On Wednesday, the former Aston Villa, West Ham and Everton midfielder Thomas Hitzlsperger became the most high-profile football player to come out as gay. As was the case when American winger Robbie Rogers came out in February last year, the vast majority of the football world reacted with messages of congratulations and support, praising Hitzlsperger’s bravery and courage.
But there were those that, while not necessarily criticising him directly, criticised the newsworthiness of his announcement, claiming that “nobody cares” and “it’s not important”. These people have totally missed the point, and have also seemingly forgotten what a hostile and horrible sport football can often be, and how important it is for people like Hitzlsperger and Rogers to use their statuses as world-renowned players to help end discrimination in the sport once and for all.
Whether it involves racism, sexism or homophobia, football’s dark side is well documented. The sport’s governing bodies like to talk the talk, often announcing new measures to crack down on discrimination, but, more often than not, they stop short of walking the walk, with measly punishments being dished out to clubs and players that end up doing little to deter them from reoffending in the future.
Take, for example, the £10,000 fine that the Croatian Football Federation received in June 2008 after their fans were found guilty of “displaying a racist banner and showing racist conduct” in their Euro 2008 quarter-final tie against Turkey, which was £70,000 less than the fine that Danish striker Nicklas Bendtner received for promoting a betting company on his underwear in the 2012 edition of the competition. What sort of message does this send to the guilty parties and, most importantly, the young fans that are watching back at home?
Of course, there are active steps being taken by some authorities within football to try and eradicate homophobia, alongside other forms of discrimination. In England, the Football Association are currently working alongside organisations like the Justin Foundation, which was set up in 2008, ten years after the tragic suicide of former player Justin Fashanu, who came out as gay in 1990.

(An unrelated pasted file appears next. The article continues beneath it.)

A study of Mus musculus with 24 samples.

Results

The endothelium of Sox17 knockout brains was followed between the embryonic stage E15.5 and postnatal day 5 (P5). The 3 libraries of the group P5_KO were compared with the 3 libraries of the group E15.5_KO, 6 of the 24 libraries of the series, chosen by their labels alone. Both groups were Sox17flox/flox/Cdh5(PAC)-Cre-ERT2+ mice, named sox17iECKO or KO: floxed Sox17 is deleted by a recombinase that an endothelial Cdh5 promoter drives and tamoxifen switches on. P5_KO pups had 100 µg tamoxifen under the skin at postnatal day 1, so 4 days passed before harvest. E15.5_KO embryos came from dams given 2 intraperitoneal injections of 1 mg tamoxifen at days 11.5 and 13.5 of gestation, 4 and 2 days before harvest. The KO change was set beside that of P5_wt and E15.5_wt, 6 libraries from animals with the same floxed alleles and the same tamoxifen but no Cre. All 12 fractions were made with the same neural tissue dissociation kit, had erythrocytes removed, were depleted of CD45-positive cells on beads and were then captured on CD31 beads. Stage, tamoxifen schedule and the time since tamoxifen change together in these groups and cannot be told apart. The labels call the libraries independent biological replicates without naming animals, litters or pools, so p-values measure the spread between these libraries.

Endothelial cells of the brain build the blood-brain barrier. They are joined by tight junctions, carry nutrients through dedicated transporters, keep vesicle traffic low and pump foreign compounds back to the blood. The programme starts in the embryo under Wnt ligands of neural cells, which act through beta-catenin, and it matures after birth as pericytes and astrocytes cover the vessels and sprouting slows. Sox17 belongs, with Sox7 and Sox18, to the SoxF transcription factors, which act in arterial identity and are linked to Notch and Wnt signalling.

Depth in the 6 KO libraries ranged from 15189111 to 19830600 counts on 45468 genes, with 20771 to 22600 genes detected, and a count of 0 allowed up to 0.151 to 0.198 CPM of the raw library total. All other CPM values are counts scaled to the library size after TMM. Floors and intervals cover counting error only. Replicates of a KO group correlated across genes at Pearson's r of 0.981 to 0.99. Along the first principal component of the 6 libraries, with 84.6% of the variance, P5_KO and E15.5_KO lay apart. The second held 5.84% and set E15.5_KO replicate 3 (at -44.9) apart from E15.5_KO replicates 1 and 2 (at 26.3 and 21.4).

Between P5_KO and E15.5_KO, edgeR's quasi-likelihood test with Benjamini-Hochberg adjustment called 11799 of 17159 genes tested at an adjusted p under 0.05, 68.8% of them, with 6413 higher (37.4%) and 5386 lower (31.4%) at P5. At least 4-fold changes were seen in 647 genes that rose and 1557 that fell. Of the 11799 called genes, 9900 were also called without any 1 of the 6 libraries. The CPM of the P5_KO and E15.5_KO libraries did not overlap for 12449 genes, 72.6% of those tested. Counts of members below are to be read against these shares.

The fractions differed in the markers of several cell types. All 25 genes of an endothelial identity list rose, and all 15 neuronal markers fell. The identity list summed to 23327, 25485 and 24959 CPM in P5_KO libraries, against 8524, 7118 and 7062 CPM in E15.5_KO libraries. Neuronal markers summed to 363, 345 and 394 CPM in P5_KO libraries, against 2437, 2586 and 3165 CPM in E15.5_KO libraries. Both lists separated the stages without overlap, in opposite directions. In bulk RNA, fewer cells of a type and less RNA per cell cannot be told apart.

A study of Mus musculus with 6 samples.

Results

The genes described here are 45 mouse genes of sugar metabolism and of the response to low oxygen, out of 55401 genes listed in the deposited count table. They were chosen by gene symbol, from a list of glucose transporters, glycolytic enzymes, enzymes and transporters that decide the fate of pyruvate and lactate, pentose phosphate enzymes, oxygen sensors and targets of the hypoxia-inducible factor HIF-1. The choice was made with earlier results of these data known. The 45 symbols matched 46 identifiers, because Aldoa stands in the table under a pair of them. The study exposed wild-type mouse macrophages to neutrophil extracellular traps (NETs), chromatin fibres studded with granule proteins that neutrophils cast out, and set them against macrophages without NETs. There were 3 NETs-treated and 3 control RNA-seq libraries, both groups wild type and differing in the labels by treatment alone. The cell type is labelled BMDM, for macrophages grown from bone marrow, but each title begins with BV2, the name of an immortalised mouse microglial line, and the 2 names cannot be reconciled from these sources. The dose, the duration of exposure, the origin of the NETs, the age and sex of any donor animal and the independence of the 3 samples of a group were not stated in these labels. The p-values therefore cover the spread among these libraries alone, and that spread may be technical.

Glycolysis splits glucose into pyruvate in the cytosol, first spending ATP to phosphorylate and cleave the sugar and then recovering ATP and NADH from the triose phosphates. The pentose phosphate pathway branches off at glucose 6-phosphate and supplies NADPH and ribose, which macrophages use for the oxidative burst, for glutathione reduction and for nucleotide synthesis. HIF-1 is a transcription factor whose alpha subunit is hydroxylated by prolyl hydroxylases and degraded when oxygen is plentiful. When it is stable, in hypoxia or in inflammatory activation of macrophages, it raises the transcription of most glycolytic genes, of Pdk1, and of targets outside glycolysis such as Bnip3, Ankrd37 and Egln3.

But these are few and far between, and as long as football’s governing bodies decide to crack down harder on unlicensed sponsorship than they do on discrimination, nothing is likely to change.
And that is precisely why Hitzlsperger’s announcement is newsworthy. With the authorities seemingly afraid or unwilling to take substantial action against those that discriminate against others based on their colour, creed, gender, or sexual orientation, it is up to players like Hitzlsperger to use their status within the sport to change it for the better.
In an interview with the German newspaper Die Zelt, Hitzlsperger himself admitted that the issue of homosexuality is still a taboo within the sport, claiming that “being gay is a topic that is ignored in football and not a serious topic in the changing room”, and that, during his playing career, “it was not always easy to sit on a table with 20 young men and listen to jokes about gays”.
Although Robbie Rogers has returned to the game and is currently playing with LA Galaxy in the MLS, the former Leeds United player felt it necessary to retire in order to come out, and this is a reflection of the problems that are rife within the sport.
Hopefully his return and Hitzlsperger’s announcement will make it easier for other gay athletes to come out, as well as helping to further the debate on how to end homophobic discrimination in sport, particularly as we approach two major sporting events, the Winter Olympics in Russia and the 2022 World Cup in Qatar, that are being held in countries with notoriously poor legal rights for lesbian, gay, bisexual, and transgender people.
They, and other athletes like Jason Collins, Gareth Thomas, and Nicola Adams who have also come out publically, are extremely brave and inspiring individuals, and their comments will surely help rid sport of the homophobic cancer that plagues it.